A MUM-of-two died after battling an eating disorder which saw her live for years on a diet of kids’ party food.
Charlotte Broad, 32, who spiralled into depression after she had a stillbirth and survived off snack food which she would purge.
Charlotte, from Winchester, struggled with depression after she lost a baby[/caption]
She had a difficult relationship with food, according to her brother she refused to eat vegetables or anything nutritional as a child[/caption]
Doctors treating Charlotte – who has two young daughters aged 11 and six – felt helpless as she refused to eat or even drink, and would constantly vomit, so much so that her throat turned black.
Even when she was pregnant, Charlotte, who lived in Winchester, ate only “Irn Bru and Wotsits”, an inquest heard.
Today at Winchester Coroners Court, Hants, her heartbroken partner of 10 years Mark Darley said: “When we first met she was ok.
“She ate cheese and onion crisps, poppadoms and prawn crackers and that was it. She never ate anything else.”
Miss Broad was admitted to the Royal Hampshire County Hospital, in Winchester, Hants, on January 3 2019 after being bed bound for nearly six weeks, before passing away nearly two weeks later on January 18.
She was taken to A and E by an ambulance after her partner finally managed to convince her to go to get treatment.
Charlotte had a difficult relationship with food. Everyone is in agreement that her diet was incredibly poor, it was almost kids’ party food, the chicken nuggets, the chips, the coke.
When in hospital Miss Broad repeatedly refused food, or would not even receive nutrition via an intravenous drip.
When doctors asked her if she understood what was going to happen if she didn’t eat she responded “I’m probably going to die”.
Six days before her death on January 13, Miss Broad said she did not want to be examined anymore and refused to let doctors take blood from her telling them she was sick of being poked and prodded.
The court heard from Miss Broad’s brother, James, who said: “She always ate strangely from a young age. She would have chicken nuggets and chips every day.
“I can’t remember her being called fat at school, I was the larger child. By the time I left home she was still just eating chicken nuggets and chips but never any vegetables.
“I do believe she should have been sectioned for her mental health.
“I believe she wanted to die, I don’t know why if i’m honest.”
Acting area Coroner Samantha Marsh explained that eating disorders are very difficult to deal with and said: “Ultimately, you can’t tie someone down and force them to eat.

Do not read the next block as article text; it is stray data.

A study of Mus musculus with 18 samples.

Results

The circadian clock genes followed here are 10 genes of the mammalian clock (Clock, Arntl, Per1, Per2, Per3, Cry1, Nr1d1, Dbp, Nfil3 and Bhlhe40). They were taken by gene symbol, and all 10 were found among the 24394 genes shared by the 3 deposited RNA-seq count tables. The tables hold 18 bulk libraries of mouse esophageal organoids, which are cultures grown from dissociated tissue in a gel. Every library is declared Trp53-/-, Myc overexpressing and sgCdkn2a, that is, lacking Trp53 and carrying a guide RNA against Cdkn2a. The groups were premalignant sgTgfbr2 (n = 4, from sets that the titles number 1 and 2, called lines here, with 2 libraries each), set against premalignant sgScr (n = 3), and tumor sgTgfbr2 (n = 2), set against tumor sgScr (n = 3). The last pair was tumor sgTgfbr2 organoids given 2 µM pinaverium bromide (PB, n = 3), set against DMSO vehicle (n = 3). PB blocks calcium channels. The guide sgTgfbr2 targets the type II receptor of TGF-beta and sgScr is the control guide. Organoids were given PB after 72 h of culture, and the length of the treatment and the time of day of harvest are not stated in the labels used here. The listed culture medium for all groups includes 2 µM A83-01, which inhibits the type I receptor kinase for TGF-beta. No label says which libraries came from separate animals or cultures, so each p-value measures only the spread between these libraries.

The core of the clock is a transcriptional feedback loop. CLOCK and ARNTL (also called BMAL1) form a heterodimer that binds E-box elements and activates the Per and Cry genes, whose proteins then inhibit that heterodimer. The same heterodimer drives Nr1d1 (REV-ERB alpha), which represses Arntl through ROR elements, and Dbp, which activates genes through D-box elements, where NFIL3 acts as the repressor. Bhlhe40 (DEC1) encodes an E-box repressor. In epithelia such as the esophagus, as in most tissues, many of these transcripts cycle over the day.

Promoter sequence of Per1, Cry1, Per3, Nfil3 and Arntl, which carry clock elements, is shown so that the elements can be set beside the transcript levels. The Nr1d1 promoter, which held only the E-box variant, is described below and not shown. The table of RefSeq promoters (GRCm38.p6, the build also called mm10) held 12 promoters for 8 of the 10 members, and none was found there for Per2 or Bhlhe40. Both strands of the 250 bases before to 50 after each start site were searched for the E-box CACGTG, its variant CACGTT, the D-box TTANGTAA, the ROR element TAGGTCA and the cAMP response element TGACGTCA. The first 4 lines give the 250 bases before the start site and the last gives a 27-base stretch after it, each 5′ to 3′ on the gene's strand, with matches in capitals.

“Charlotte had a difficult relationship with food. Everyone is in agreement that her diet was incredibly poor, it was almost kids’ party food, the chicken nuggets, the chips, the coke.
Some people commit suicide by jumping off a bridge, and some just stop eating.
Dr Frank Murphy
“All of the health problems she was experiencing were secondary to the poor malnutrition. There were multiple attempts by mental health to engage with her…
“She declined all of those services.
“I’m satisfied that Charlotte understood that by not eating, she knew what would happen.
“She simply refused to take on adequate nutrition. I am satisfied that Charlotte was not presenting as someone that needed to be sectioned.”
Miss Broad’s mother, Kate Gibson, said tearfully: “I tried to get her to eat more vegetables and I would try and hide it in her food but you can’t force someone to eat.
“I don’t know if she wanted to die. But I know she would not have wanted to leave her children.”
Dr Murphy said: “It is very hard. You are looking at a young lady who is dying in front of you and you think why is this happening.”
Miss Broad had a history of depression following a stillbirth in 2007.
Although she had two successful pregnancies in 2008 and 2013 she continued to struggle with her eating disorder and in 2011 she was referred by her GP to an eating disorder service.
Pathologist Dr Adnan Al-Badri told the court that when she died, Miss Broad was in the early stages of heart failure as a result of long periods of malnutrition.
He gave the cause of death as multiple organ failure secondary to severe malnutrition.